The immune system is a network of specialized cells that has evolved to defend the body against “foreign” invaders (antigens), including viruses, bacteria, and parasites. The role of the immune system in prevention, control, and destruction of tumors is complex and not as well understood.
The aim of cancer immunology is to develop new approaches to fighting cancer by enhancing the body’s own natural immune defense. These immune activating therapies are referred to as immunotherapy or biologic therapy.
There are many ways in which the immune system function may be enhanced and include both specific and non-specific mechanisms. Immunostimulants are nonspecific agents that boost immune defenses. These include the bacterial preparation bacillus Calmette-Guerin, interleukin-2, liposome-encapsulated muramyl tripeptide (L-MTP) and alpha interferon. A number of nonsteroidal medications including piroxicam, sulindac, aspirin, and indomethacin have been shown to have anti-tumor activity.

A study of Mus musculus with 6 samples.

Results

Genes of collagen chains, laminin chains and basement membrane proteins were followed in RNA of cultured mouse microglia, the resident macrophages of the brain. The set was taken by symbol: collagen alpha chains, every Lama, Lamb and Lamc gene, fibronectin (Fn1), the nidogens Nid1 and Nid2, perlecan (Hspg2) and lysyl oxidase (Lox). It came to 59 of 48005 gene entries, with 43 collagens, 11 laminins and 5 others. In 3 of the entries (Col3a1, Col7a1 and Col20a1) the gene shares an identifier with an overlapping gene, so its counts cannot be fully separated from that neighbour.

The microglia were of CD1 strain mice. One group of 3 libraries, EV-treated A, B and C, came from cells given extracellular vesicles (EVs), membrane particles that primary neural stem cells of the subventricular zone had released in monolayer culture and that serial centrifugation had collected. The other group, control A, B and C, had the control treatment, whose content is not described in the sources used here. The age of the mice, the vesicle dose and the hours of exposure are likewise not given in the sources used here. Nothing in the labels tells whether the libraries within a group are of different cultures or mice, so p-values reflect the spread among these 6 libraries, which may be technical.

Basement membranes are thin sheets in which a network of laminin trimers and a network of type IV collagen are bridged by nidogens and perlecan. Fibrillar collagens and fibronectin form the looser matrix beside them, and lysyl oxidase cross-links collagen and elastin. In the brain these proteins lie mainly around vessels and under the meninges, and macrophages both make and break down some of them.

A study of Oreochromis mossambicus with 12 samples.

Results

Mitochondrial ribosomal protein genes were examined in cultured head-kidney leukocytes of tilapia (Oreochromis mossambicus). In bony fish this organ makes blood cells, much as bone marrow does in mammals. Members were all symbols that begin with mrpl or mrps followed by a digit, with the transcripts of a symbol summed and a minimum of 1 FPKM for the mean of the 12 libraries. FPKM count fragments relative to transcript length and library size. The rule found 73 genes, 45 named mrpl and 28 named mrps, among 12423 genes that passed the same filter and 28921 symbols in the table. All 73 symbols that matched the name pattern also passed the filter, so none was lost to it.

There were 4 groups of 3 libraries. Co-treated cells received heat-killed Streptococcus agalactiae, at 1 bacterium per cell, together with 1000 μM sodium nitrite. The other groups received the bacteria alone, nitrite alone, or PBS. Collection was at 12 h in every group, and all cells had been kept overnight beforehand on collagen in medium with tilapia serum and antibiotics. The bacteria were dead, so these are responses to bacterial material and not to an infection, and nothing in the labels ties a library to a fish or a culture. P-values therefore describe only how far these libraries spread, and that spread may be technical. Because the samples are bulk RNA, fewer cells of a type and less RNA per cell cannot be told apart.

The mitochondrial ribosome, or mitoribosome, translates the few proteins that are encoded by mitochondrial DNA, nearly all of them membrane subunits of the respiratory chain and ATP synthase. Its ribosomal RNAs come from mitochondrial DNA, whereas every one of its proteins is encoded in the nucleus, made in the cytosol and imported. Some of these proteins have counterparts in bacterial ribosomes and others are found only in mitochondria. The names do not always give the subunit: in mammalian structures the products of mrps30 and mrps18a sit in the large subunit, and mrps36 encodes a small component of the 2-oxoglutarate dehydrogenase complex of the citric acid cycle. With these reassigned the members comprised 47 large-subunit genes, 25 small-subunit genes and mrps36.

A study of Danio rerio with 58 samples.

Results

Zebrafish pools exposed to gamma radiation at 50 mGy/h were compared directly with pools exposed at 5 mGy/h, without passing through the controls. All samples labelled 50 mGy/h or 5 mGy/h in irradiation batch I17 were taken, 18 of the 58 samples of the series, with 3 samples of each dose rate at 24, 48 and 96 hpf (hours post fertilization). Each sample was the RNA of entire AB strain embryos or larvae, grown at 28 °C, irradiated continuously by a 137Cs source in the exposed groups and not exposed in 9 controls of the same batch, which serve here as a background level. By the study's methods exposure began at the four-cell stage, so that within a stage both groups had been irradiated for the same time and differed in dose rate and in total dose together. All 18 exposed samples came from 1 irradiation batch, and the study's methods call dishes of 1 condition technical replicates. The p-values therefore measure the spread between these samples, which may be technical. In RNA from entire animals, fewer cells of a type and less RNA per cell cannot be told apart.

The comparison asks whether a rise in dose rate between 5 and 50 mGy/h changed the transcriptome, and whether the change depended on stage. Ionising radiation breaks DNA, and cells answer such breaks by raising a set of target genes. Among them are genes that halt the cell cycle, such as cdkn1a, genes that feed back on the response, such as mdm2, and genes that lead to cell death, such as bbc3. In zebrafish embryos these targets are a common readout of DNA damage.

Specific immunomodulation includes the use of monoclonal antibodies, tumor vaccines, radioimmunotherapy, gene therapy, and antiangiogenic therapy. These therapies are designed to specifically target tumor specific antigens, genes and growth factors that are important in the development, growth, and metastases of cancer.
The most widely used and available immunotherapies in veterinary patients are immunostimulants and cancer vaccines. Some immunostimulants such as nonsteroidal medications, interferon, G-CSF, and cimetidine are commercially available. A tumor vaccine has now been FDA approved for use in dogs with melanoma.